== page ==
LONDON -- The FTSE 100 (FTSEINDICES: ^FTSE ) slipped further this week as investors worried about the future of economic-stimulus policies. However, it recovered some of those losses today, gaining 1.2%, to end the week down about 2%. That's still a rise of more than 16% over the past 12 months. And there's another way of profiting from shares besides capital gains, too. I'm talking about dividends -- and the recent falls have raised the FTSE's overall dividend yield forecast to 3.3%.
But, if you're selective, you can get a better yield than that, so let's look at three companies that have lifted their dividends this week.
Johnson Matthey (LSE: JMAT )
Specialist chemicals supplier Johnson Matthey declared a final dividend of 41.5 pence per share on Thursday, taking its total for the year up 4%, to 57 pence (though there is no repeat of last year's 100 pence special dividend). That lift came despite underlying pre-tax profit falling 9% to 389 million pounds, and underlying earnings per share dropping 2%, to 150 pence.,
But the dividend was well covered, and provides a yield of 2% on a share price of 2,772 pence. Forecasts for next year suggest a modest 3% rise in earnings, putting the shares on a price-to-earnings (P/E) ratio of 18, and a dividend yield of 2.5%
Moneysupermarket.com (LSE: MONY )
It's not yet time for news of ordinary dividends from Moneysupermarket.com, but on Wednesday, the financial comparison website announced a special dividend of 12.92 pence per share to be paid on 26 July, which "is being used to return funds to shareholders and reflects the Board's confidence in the ability of the business to generate cash."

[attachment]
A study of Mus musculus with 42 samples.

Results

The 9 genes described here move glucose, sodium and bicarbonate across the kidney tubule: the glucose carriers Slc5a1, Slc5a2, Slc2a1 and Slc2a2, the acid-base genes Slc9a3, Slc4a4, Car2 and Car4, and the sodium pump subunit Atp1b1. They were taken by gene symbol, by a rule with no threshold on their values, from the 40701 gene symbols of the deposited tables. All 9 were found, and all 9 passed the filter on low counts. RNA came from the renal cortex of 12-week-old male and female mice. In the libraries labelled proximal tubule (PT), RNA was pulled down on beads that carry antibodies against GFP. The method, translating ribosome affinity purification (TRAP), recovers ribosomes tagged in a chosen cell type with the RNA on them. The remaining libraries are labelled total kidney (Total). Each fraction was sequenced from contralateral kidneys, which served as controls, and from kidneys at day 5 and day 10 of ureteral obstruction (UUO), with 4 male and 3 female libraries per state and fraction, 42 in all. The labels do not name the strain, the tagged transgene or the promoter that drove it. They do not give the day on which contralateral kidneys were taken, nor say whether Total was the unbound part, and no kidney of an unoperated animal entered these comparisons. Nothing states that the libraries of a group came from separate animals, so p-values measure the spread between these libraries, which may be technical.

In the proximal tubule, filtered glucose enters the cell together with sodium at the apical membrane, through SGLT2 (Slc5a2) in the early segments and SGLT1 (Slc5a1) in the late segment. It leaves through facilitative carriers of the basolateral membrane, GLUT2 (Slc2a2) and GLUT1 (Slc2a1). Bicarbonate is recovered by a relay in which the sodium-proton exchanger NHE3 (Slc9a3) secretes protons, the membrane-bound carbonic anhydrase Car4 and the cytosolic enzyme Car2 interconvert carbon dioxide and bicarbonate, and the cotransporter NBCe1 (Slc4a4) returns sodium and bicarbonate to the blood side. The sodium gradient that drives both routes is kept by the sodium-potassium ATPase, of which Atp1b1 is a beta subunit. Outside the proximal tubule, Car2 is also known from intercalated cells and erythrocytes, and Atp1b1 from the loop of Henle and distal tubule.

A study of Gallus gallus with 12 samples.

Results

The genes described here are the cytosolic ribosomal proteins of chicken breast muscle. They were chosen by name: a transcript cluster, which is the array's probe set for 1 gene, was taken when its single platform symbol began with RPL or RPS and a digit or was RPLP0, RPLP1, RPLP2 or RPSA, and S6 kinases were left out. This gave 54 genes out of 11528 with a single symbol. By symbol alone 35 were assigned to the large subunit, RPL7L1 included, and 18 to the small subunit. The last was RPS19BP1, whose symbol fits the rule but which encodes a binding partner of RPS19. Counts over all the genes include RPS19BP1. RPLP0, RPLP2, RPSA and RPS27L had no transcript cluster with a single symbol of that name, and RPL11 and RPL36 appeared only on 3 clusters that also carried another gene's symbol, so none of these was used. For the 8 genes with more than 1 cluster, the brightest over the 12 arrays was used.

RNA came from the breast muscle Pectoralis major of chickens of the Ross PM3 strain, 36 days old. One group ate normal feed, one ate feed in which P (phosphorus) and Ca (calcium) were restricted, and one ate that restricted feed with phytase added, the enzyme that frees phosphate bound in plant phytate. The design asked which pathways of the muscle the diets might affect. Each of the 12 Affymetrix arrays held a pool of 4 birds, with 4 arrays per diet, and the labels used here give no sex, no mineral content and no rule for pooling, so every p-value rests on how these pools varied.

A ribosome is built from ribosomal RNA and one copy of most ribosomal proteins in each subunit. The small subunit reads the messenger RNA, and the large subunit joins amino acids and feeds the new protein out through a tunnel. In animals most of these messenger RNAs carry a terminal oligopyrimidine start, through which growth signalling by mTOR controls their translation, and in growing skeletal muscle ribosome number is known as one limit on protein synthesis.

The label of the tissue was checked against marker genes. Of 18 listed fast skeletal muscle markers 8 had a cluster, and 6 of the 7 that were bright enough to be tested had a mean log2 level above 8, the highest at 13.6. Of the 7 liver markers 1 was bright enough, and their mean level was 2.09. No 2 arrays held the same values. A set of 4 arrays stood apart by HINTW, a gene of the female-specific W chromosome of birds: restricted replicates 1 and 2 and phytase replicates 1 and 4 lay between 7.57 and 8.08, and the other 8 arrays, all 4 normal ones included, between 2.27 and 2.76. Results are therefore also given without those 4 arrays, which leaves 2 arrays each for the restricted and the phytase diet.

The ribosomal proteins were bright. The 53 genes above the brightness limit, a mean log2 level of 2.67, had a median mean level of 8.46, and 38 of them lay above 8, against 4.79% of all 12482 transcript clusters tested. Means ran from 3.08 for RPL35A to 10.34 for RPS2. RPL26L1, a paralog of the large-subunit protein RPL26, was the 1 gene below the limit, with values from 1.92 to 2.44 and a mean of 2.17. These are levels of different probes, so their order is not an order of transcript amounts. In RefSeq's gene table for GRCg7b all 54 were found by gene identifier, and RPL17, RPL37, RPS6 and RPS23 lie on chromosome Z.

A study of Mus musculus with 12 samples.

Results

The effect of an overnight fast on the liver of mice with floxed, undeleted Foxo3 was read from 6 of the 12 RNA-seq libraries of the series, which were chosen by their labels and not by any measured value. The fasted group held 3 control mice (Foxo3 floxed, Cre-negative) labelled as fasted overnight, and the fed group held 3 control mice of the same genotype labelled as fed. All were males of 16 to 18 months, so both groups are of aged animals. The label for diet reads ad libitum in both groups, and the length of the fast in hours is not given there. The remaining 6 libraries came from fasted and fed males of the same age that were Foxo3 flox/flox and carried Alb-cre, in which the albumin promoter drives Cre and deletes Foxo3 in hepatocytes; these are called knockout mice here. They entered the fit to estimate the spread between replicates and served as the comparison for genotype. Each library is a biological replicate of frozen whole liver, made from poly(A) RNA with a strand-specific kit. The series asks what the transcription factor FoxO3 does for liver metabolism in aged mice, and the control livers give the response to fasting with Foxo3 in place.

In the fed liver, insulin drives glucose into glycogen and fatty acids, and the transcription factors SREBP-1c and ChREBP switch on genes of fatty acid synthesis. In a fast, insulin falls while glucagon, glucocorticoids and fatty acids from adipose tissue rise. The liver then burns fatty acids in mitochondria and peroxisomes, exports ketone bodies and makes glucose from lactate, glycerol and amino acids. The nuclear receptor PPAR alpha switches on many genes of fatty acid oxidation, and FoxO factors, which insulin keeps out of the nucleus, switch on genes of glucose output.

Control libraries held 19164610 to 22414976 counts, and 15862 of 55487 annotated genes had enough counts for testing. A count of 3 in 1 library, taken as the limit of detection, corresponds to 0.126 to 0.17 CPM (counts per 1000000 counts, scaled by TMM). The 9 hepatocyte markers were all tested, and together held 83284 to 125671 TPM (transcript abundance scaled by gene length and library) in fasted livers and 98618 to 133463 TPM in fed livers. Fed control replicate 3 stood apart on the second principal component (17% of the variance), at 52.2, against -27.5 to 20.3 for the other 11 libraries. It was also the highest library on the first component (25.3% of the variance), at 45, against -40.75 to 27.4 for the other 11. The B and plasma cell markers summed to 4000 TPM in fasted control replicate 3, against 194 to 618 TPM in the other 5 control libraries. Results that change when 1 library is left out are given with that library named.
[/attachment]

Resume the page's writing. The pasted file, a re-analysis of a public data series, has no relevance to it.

On a share price of 197 pence, that payment represents a return of 6.6%, and there's an additional 3.4% yield being forecast for the full-year ordinary dividend. And on top of that, the share price is itself up 60% over the past 12 months.
RPC Group (LSE: RPC )
Plastic packaging maker RPC Group was able to raise its full-year dividend by 3.5%, to 14.9 pence on Wednesday, despite seeing adjusted earnings per share fall by 6.7%, to 34.8 pence. But at least the dividend seems adequately covered, and provides a yield of 3.5% on the share price of 425 pence.
The firm has been steadily lifting its dividend for some years, and there's a further 4.7% rise currently being forecast for the year to March 2014, for a yield of 3.9%.
Finally, if you're looking for top investment ideas, it could well pay to take a close look at what Neil Woodford is buying. The ace investor, whose Invesco Perpetual High Income fund would have turned 10,000 pounds into 193,000 pounds since its launch in 1988, remains bullish on the Aerospace & Defense sector. If you want to learn more, check out the Fool's latest examination of Woodford's holdings. But hurry, because the report will be available for a limited period only. Click here to enjoy your copy today.